Rhythm Paradise Megamix review: A 3DS hit parade


Where would we be without the humble button press? It’s been part of gaming since time immemorial. In Rhythm Paradise Megamix, however, Nintendo has once again turned it into a fine art. You only ever have a maximum of two or three inputs in Megamix – usually A and occasionally the B button or D-pad – but never before has a single set of button taps felt so deeply pleasing and immensely satisfying.

Of course, this is old news to series converts; anyone who’s played a Rhythm Paradise game before will know this is one of the most refined Rhythm series ever created. With its bright, colourful art style, wacky sense of humour and uncompromising approach to perfect, musical time-keeping, each game – bar the misjudged touch controls of Rhythm Paradise on the DS – has been an absolute masterclass in simple, rhythmic pleasure, taking in everything from simple, on-the-beat melodies to fiendish, syncopated symphonies.

Megamix, however, is arguably the best one of the lot. It brings together the series’ finest into a single greatest hits album for the 3DS, making it the perfect game to perk up a gloomy commute or to take on the road. With more than 100 mini-games to its name, including at least 70 from previous entries in the series, Megamix is one party you’ll never want to end. Indeed, the game even has two fake endings before it eventually draws to a close, and each time I breathed a sigh of relief that I still had a few more hours to go until its dreaded final curtain call. 

Like any compilation album, there are still a few duffers that don’t quite match up to the high standards of the rest of them (library cheerleaders, I’m looking at you). But in every other respect, Megamix gives several tracks a brand-new lease of life, not least the entries from the original Rhythm Tengoku on GBA, which was only ever released in Japan. While some of these made their way into Beat the Beat: Rhythm Paradise on the Wii, many have been left untouched, making Megamix a great way to revisit the series roots for both old and new fans alike.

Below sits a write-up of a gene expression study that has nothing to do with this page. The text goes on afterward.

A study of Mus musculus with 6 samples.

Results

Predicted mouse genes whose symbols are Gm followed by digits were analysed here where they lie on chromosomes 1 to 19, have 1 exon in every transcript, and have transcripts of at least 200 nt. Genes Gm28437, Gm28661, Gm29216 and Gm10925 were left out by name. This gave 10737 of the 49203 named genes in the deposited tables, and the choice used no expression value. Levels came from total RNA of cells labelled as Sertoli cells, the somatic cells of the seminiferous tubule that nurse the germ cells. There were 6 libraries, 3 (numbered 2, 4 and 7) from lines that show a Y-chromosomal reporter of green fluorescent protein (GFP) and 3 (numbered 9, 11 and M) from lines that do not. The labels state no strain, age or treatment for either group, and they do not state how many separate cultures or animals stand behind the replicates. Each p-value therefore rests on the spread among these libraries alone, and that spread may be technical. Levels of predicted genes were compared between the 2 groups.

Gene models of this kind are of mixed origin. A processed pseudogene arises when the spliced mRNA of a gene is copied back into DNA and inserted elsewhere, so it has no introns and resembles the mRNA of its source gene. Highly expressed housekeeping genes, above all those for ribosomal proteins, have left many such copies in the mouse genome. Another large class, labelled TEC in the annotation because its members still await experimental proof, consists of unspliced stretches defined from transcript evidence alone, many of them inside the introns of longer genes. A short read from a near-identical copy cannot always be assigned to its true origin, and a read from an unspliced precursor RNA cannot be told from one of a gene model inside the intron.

The selection from Rhythm Paradise on the DS also gets a well-overdue makeover, as Megamix finally ditches its ill-fated touchscreen controls for some good, old-fashioned button presses. Tricky games such as Glee Club and Frog Hop, for instance, more often made me want to snap the DS’ stylus in half back in the day. However, the superior feedback offered by the 3DS’ buttons utterly transforms them here, with many of them becoming new, instant favourites thanks to their revamped control scheme.

Megamix isn’t simply a collection of games you’ve played before, though, since its excellent crop of new rhythm games rarely miss a beat. From the huge monkey slumber party and blue, gelatinous basketball court, to the bear who can’t stop munching cake and doughnuts as he deals with a heart-wrenching break-up, Megamix is both daft and moving in equal measure – and it was a rare moment indeed when I didn’t have an ear-to-ear grin plastered over my face while I was tapping my feet along with the music. I mean, when the sight of a cartoon mandrill cheering on a golfer makes your heart swell to ten times its normal size just because the music is so damn uplifting, you know there’s some kind of mad brilliance at work here.

Where Megamix really comes into its own, though, is its end of stage remixes. Think of these as musical boss battles, where you take on several games at once in a climactic mash-up challenge. Not only do they consolidate your skills in a single test of fancy thumb-work, but the way their bespoke songs also manage to blend everything together is a real testament to Nintendo’s musical ingenuity, making them apt rewards for your hours of practice.

They also really force you listen to their individual rhythms, since relying on muscle memory alone is no longer an option. You simply have to go with the flow and fly by the seat of your pants – the ultimate expression of Rhythm Paradise as a whole. Throw in the fact that the game’s soundtrack is available to play in both English and Japanese, and the entire game becomes that much sweeter.

With so many fantastic hits on its song sheet, Rhythm Paradise Megamix is one reunion act you won’t want to miss. It’s a fantastic celebration of the series’ past and present, and its tight focus on simple controls over finger-bleeding feats of technical skill means the music is always at the front and centre on any given stage.